I don’t know if it’s the Clinton campaign, but someone is challenging Obama delegates. I just looked at a list of 38 challenged delegates in Skagit County. Every one questions the validity of an Obama delegate. There are no challenges against Clinton delegates...If it is the Clinton campaign pursuing these kinds of challenges at the upcoming Legislative District and County caucuses and conventions (and it's hard to imagine who else it might be), well, it's just another demonstration of their general inability either to grasp or to implement the kind of grassroots, neighbor to neighbor campaign that a successful caucus strategy requires.
...This really appears to be less an issue of voter misconduct or sloppy record keeping then it is about an aggressive, post-caucus attempt by Clinton supporters to increase their numbers before the next round of caucuses.
They can file all the challenges they want, but you can bet the majority of them, when examined by the local credentials committees, will be denied. It's safest to expect the most expansive view of the rules, and most of the surface sins the complaints seem to rest on, matters like dates of registration and voter names, will be resolved in the delegate's favor without much rancor. Where there is ground for real concern - delegates not residing in the precinct they were elected from, for instance - there will still be a bias in favor of the delegate, and of all the precinct delegates who sent her or him forward. That neighbor to neighbor business, after all, is real.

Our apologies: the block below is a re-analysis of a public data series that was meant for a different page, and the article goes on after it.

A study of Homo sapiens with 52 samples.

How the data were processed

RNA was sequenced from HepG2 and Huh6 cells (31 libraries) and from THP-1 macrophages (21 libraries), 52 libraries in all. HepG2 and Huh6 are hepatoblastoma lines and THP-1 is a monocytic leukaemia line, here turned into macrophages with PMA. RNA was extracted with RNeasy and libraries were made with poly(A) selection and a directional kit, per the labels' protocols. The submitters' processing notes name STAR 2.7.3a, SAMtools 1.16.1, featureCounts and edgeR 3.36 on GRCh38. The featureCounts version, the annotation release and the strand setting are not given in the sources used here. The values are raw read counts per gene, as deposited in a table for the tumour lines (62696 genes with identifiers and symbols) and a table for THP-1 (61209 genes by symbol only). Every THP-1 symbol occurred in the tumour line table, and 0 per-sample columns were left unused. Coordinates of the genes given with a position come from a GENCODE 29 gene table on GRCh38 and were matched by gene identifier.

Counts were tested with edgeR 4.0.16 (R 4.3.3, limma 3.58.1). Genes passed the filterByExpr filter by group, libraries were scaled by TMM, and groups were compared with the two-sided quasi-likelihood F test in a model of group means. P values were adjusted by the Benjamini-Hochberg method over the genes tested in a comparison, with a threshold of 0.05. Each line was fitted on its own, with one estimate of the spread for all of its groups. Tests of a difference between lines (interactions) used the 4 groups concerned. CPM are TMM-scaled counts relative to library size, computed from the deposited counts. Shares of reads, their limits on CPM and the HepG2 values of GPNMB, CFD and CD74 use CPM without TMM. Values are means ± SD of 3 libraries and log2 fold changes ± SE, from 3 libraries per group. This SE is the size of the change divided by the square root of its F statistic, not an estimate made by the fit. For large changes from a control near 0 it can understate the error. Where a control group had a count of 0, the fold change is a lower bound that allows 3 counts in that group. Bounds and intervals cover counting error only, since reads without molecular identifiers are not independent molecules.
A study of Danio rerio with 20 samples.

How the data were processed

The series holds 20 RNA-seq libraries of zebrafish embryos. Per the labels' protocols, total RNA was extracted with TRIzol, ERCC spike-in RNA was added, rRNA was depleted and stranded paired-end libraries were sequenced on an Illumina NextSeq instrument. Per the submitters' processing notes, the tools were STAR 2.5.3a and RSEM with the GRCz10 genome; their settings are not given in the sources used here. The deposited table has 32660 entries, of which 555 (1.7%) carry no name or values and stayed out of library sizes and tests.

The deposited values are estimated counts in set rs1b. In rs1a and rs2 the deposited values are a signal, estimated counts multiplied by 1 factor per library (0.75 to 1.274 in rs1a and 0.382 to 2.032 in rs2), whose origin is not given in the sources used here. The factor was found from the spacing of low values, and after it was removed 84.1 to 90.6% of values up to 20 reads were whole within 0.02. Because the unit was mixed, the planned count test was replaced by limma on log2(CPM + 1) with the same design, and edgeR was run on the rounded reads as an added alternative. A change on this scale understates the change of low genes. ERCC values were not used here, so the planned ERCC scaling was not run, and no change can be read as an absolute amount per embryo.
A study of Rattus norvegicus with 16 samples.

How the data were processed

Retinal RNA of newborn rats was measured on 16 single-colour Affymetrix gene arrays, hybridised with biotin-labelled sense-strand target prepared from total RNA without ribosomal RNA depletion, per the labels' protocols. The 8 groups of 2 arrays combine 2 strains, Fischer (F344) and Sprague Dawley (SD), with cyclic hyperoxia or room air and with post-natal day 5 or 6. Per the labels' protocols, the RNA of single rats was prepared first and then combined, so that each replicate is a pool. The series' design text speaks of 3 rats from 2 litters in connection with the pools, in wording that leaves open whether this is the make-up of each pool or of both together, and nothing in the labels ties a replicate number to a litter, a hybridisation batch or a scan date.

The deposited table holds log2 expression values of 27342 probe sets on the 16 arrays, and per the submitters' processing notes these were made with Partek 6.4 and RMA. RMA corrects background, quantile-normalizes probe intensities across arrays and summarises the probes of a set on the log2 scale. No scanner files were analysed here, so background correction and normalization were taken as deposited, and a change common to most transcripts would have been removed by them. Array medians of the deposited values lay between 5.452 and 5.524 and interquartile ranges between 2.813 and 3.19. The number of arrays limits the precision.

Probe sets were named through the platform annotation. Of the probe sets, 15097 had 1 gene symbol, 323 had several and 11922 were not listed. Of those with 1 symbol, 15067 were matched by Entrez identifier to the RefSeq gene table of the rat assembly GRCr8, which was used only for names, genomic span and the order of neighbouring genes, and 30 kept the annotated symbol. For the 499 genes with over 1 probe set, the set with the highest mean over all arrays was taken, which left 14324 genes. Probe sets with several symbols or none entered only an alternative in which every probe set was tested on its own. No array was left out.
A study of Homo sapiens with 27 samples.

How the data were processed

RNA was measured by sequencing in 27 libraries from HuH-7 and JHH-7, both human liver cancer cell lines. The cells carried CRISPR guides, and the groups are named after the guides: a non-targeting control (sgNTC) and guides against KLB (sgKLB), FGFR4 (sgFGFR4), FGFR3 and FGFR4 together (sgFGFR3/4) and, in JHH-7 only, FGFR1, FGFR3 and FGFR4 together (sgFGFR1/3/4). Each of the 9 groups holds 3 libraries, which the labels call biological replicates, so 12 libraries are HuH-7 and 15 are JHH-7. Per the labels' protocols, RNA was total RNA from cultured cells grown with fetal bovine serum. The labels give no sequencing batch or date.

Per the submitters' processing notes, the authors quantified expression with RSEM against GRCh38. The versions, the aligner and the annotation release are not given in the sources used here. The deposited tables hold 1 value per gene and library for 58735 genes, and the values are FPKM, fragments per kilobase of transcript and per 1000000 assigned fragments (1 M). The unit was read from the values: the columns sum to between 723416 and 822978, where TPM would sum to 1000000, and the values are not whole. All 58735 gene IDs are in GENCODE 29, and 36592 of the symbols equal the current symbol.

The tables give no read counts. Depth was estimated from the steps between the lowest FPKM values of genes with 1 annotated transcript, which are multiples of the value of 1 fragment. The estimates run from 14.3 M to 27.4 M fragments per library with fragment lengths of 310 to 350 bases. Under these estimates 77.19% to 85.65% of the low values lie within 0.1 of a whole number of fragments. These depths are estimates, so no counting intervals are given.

The final decision on credentials belongs to the body of delegates assembled. These meetings are often populated by folks who actually see quite a bit of each other, at Party meetings, perhaps, and fundraisers, and at the grocery store and gas station, too. The solution producing both the least political and, no less importantly, social friction will always be favored.In many, perhaps most, of these meetings, Obama delegates will predominate, and will finally determine who is seated. When all else fails, every delegate has a corresponding alternate.
Challenges are the weakest strategic approach to a contest that's almost entirely turnout driven. The negligible gains that might be made by bogging down the process with a credentials fight don't mean a great deal in the first place, and even less if your own troops aren't on hand for the battle. The Clinton campaign's efforts would be better invested in stopping their own delegates, like Karina Putnam-Kaminsky, from taking Hillary's advice, which is true enough, that their pledges aren't binding too much too heart and signing in for Barack in a couple weeks. Of course, for every one of those there's some number larger than one more who simply won't show up, a number I suspect will grow as the desperation of the Clinton camp becomes continually clearer.
Don't beleive any national convention delegate count you've seen from Washington. This one's really just getting started.